Playing with Math
Originally posted on Cooperative Catalyst:
This post was first posted on my personal blog as Visualizing Math. Thanks to David Wees (who has retweeted it) and David Loitz for the push to put it here as well.
I love math. Am I an expert at it? No. Do I make mistakes as I teach it? Probably–but I work hard not to, unless I am doing so deliberately for kids to figure something out. Here’s how I got to be a math loving female….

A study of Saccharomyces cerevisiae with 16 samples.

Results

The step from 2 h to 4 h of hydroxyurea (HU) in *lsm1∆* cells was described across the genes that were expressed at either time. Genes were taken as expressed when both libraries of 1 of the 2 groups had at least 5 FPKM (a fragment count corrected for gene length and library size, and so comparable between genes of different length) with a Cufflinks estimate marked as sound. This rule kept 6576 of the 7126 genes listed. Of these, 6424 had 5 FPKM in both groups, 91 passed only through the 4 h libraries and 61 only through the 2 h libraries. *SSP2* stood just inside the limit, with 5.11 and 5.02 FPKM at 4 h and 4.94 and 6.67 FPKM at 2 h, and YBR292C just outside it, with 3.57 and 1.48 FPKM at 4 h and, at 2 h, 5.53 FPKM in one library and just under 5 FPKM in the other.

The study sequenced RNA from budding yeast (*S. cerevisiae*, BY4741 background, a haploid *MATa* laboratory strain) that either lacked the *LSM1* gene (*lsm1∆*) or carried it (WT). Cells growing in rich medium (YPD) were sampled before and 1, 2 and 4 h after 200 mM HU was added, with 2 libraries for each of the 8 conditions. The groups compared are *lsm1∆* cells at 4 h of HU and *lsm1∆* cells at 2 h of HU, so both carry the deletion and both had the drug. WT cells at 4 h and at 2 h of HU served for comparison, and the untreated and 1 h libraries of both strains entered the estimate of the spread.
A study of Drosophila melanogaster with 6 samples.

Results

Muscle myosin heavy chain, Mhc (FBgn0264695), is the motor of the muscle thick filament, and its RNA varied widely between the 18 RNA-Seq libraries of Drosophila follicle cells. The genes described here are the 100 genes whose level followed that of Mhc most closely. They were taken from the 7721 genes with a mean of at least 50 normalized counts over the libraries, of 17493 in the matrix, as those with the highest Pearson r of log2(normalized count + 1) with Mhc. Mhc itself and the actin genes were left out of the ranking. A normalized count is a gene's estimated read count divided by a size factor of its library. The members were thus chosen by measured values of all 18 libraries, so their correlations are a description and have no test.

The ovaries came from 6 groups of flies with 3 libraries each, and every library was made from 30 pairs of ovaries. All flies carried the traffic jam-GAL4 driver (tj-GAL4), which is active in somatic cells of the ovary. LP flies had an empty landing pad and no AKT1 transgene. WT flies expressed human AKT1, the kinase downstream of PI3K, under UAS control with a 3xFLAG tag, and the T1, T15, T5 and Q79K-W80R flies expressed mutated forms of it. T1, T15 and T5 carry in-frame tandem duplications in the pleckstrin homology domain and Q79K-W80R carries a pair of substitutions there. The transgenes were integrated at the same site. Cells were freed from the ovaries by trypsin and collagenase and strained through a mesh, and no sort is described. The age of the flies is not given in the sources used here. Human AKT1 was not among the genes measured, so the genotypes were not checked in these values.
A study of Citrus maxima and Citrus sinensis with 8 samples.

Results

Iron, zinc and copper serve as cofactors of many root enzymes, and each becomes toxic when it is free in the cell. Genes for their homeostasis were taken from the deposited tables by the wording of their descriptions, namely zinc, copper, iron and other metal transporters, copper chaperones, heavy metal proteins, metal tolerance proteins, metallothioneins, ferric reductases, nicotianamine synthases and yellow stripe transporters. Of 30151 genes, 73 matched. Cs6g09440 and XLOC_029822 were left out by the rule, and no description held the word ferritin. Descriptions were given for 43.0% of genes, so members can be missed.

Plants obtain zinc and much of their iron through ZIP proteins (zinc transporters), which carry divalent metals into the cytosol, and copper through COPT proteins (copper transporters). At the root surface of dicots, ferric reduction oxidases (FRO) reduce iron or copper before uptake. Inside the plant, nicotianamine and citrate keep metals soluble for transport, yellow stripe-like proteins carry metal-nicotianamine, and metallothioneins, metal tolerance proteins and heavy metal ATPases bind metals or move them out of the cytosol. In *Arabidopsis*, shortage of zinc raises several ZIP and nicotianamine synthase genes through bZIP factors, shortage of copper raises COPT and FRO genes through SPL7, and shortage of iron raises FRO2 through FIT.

My family played both card games and board games as I grew up. Every year at Christmas, we spent the afternoon setting up and playing all the new board games Santa had brought. We had shelves and a cabinet that was full–Candyland, Parcheesi, Monopoly, Scrabble….games at various levels, for the 6 siblings (and friends) whose ages ranged over 17 years. I spent most Sunday afternoons playing Scrabble with my Mom–with a dictionary between us, not following the time rules, but instead challenging ourselves to find the very best word we could. Our games took hours–because we’d scour the dictionary, looking for that word that gave the most points and used the most letter tiles. When my grandmother came each summer to spend two weeks with us, the card game Canasta took over our evenings–and those of us too young to be in the four or six playing hung around and apprenticed ourselves to one of the players so we could learn how to play, hoping we’d get to play the next game. I was amazed at how my Dad could shuffle so many cards at once (the game calls for 4 or 6 decks, depending on how many are playing),and I also got good, as I got older and got to play, at explaining my strategy to a younger sib watching while not giving it away to my opponents. For us, games weren’t about competition–I can’t even remember who usually won the Scrabble games–they were about learning. We learned by watching “experts” and having strategies explained to us in the moment, when it mattered.